Play-off winning Crewe captain David Artell is released by the club

Crewe captain David Artell

Play-off winning Crewe Alexandra captain David Artell has been released only five days after the 31-year-old led his side to League One.

Two other members of last Sunday's victorious Wembley squad have also been let go, midfielder Lee Bell and defender Carl Martin.

But 34-year-old keeper Steve Phillips has been offered a new contract.

Byron Moore, who hit Crewe's second goal at Wembley, Kelvin Mellor and Alan Martin have also been offered deals.

After enjoying the highlight of his career in helping to beat Cheltenham in the League Two play-off final, the much-travelled Artell is the major victim of Crewe boss Steve Davis's reshaping of his squad for next season's assault on League One.

Since leaving Rotherham United for a season at relegation-bound Shrewsbury Town in September 2002, Artell has spent his career in the Football League basement, also playing for Mansfield Town and Chester City, as well as Morecambe.

But, while being relegated from the Football League at Shrewsbury and then crashing in the play-offs with Morecambe were the lowlights, last Sunday proved to be the pinnacle.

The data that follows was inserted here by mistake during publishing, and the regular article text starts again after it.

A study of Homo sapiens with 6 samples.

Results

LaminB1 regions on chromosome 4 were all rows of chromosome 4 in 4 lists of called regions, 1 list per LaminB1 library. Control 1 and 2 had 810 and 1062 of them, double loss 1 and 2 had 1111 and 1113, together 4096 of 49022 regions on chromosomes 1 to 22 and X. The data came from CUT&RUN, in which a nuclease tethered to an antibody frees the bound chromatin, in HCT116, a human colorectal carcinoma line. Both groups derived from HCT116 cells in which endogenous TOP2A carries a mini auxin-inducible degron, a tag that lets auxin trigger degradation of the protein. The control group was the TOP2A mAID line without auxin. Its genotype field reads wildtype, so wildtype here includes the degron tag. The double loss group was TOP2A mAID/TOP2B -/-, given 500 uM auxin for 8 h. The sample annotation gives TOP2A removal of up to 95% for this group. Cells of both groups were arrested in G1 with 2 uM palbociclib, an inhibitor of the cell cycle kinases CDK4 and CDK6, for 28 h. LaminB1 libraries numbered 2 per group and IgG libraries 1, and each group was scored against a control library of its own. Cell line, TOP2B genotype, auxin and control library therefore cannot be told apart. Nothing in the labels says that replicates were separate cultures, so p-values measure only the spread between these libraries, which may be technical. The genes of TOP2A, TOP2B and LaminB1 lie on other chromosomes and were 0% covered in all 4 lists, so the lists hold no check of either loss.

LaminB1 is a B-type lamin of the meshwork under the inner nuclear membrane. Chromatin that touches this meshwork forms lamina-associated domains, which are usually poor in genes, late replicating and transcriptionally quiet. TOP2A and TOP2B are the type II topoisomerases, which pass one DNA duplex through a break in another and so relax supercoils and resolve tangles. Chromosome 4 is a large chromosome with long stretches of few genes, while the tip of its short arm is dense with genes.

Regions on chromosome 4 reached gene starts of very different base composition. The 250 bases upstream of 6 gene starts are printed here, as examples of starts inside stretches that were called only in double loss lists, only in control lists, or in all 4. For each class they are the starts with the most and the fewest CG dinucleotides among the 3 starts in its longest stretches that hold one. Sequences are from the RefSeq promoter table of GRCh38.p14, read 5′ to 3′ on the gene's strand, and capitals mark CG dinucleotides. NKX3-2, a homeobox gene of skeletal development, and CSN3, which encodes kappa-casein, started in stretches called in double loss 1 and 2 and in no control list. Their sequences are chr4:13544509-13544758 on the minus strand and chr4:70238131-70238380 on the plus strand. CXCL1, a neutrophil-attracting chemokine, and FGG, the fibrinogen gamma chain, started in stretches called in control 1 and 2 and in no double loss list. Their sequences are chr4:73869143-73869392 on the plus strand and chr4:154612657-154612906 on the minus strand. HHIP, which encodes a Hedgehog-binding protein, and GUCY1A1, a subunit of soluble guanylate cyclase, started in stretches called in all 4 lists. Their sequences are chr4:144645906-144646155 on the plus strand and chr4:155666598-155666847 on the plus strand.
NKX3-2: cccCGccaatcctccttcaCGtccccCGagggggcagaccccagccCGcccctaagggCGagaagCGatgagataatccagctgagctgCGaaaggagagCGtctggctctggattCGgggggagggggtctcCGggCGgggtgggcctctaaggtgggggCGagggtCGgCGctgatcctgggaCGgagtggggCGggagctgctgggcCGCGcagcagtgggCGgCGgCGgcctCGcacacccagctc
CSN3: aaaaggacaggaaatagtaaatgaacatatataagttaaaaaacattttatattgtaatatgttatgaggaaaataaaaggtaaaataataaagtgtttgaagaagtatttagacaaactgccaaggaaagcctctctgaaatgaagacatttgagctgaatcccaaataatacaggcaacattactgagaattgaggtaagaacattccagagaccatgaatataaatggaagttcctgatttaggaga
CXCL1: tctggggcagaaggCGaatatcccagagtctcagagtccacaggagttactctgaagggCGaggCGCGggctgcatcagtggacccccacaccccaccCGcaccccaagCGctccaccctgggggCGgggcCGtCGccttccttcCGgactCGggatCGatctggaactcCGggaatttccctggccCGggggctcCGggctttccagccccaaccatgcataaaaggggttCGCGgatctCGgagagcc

When speaking to BBC Radio Stoke, Crewe assistant manager Neil Baker revealed that whilst decisions on the future of most players had been made prior to the final, some had to be resolved in light of the Wembley match.

"It's been a really difficult one," he said. "We knew definitely on some of them, but they were involved in the [final] squad and it wasn't the right time to tell them.

"What we didn't want was two or three of the players moping around.

"There were even two other players that Steve [Davis] hadn't made a decision coming back on Sunday. He said he was going to sleep on it, and I spoke to him Monday evening and we made our minds up."

Baker also said telling players their future lies elsewhere is one of the hardest jobs in football, especially following the ecstasy of winning the play-off final.

"We've had a great few days and then we have to make decisions which effect peoples livelihoods and people with families," Baker added.

"It's not an easy job, no matter how long you're in the game. I think any manager will tell you that it's the hardest job in the world to tell somebody he's not wanted."